Apple claims to have one of the safest ecosystems, and people have complete control over their privacy and data with the iPhone. While many people actually purchase iPhones, there were situations where Apple‘s predictions have proven to be right.
People should be very careful about their privacy, according to security experts all over the world, regardless of what device or smartphone they use.
Steven Walker, an Apple security expert and the CEO of Spylix, said in an interview that, regardless of what Apple promises, people should be aware of one app in particular and should never install it on their iPhones. That app is none other than Meta’s Facebook Messenger itself.
Spylix is a phone monitoring app that is used by government agencies all around the world. Walker argues that just because an app is widely used does not necessarily mean that it is safe to use. He even claims that due to Facebook Messenger’s popularity, many people do not think it is a possibly dangerous app.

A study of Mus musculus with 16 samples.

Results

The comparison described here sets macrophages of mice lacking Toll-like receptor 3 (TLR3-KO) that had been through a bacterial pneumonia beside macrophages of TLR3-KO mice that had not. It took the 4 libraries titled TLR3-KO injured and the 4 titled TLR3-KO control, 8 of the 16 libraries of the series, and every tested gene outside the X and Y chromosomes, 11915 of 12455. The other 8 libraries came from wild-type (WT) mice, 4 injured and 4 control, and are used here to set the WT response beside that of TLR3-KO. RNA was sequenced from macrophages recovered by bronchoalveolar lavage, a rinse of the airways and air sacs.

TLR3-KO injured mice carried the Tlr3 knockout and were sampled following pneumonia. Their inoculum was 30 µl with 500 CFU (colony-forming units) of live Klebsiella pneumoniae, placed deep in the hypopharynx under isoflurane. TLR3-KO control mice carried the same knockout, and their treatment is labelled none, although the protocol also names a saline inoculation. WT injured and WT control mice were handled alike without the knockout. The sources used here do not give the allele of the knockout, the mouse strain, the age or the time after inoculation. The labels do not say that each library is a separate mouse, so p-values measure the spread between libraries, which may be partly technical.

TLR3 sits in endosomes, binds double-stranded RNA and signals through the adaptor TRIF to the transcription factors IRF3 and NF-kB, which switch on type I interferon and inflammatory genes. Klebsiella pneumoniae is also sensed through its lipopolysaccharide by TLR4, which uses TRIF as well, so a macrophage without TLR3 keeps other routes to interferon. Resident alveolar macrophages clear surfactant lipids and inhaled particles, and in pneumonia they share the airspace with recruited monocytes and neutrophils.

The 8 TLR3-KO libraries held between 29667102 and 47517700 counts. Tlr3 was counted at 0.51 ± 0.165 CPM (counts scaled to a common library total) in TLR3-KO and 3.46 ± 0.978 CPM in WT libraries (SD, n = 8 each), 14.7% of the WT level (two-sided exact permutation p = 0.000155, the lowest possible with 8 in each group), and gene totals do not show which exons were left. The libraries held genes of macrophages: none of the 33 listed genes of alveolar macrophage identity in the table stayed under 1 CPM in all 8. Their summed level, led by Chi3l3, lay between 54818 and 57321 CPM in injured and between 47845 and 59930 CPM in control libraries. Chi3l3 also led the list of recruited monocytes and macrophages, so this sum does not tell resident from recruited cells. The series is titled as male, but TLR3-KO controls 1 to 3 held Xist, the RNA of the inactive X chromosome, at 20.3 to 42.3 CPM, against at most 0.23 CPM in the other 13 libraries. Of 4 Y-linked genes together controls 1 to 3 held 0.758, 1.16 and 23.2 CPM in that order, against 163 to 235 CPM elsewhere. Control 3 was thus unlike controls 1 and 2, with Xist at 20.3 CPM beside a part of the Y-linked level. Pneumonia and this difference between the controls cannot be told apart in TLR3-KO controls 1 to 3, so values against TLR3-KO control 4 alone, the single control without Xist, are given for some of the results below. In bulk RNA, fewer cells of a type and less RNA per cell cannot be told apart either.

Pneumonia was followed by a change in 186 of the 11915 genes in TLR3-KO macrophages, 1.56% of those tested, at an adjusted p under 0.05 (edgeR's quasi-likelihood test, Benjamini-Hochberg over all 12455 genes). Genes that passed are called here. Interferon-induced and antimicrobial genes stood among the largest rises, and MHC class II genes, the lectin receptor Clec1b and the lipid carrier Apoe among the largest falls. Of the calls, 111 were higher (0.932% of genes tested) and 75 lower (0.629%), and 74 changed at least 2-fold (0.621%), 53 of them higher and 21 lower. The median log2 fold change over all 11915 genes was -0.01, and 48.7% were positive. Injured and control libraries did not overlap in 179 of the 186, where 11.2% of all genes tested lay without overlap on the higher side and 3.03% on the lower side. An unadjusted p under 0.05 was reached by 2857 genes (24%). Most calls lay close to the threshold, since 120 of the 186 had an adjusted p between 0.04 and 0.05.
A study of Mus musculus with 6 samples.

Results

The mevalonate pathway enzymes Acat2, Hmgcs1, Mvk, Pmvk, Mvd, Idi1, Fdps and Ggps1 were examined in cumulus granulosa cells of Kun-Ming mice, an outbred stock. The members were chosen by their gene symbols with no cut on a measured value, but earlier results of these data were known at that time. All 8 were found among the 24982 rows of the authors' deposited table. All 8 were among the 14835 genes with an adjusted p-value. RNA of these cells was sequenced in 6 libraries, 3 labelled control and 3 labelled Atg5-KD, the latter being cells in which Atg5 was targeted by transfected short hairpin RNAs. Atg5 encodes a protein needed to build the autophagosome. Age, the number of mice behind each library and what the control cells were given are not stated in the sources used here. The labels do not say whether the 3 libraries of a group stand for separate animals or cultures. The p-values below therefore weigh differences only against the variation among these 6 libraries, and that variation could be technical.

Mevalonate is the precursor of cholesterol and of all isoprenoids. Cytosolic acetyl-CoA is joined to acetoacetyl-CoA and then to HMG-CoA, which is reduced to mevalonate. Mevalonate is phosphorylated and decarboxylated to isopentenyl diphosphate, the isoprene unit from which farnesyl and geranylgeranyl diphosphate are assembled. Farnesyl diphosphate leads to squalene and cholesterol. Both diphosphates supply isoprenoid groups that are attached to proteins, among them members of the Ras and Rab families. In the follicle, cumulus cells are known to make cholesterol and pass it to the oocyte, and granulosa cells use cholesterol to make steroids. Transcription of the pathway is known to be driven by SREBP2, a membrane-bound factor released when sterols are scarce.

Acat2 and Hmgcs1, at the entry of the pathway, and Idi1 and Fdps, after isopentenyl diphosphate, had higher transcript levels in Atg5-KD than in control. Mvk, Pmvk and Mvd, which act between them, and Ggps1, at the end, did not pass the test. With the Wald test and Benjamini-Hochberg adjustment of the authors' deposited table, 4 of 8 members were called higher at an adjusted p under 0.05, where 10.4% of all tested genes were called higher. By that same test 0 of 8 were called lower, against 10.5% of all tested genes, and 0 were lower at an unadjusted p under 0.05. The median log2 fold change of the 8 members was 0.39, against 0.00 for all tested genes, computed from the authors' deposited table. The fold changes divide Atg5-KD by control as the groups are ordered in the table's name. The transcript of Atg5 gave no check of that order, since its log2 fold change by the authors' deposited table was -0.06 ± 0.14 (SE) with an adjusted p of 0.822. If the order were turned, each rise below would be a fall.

Walker claims that Facebook Messenger compromises a user’s privacy and data for two reasons. To begin with, it is owned by the Meta platform, which was previously owned by Facebook, a company with a dark history when it comes to the use of user data on its platform. The fact that Facebook Messenger does not have end-to-end encryption is the second, and more serious, reason for Walker.
There are also apps like Telegram and Signal. Despite the fact that they aren’t quite as popular as WhatsApp, both have been designed with security and privacy in mind. Apps such as WhatsApp, Signal and Telegram, offer end-to-end encryption, which is increasingly becoming a vital feature in instant messaging apps.
Meta has stated that they are working on end-to-end encryption, although they have repeatedly failed to meet their commitments. Facebook Messenger was supposed to get end-to-end encryption by 2022 at the earliest. The timeframe has now been moved back to 2023 by Meta.
People at Meta say they’re worried about bad actors misusing end-to-end encryption, so they’re taking their time to make sure the system is working properly. If that’s the case, one has to wonder why such worries aren’t a concern for WhatsApp.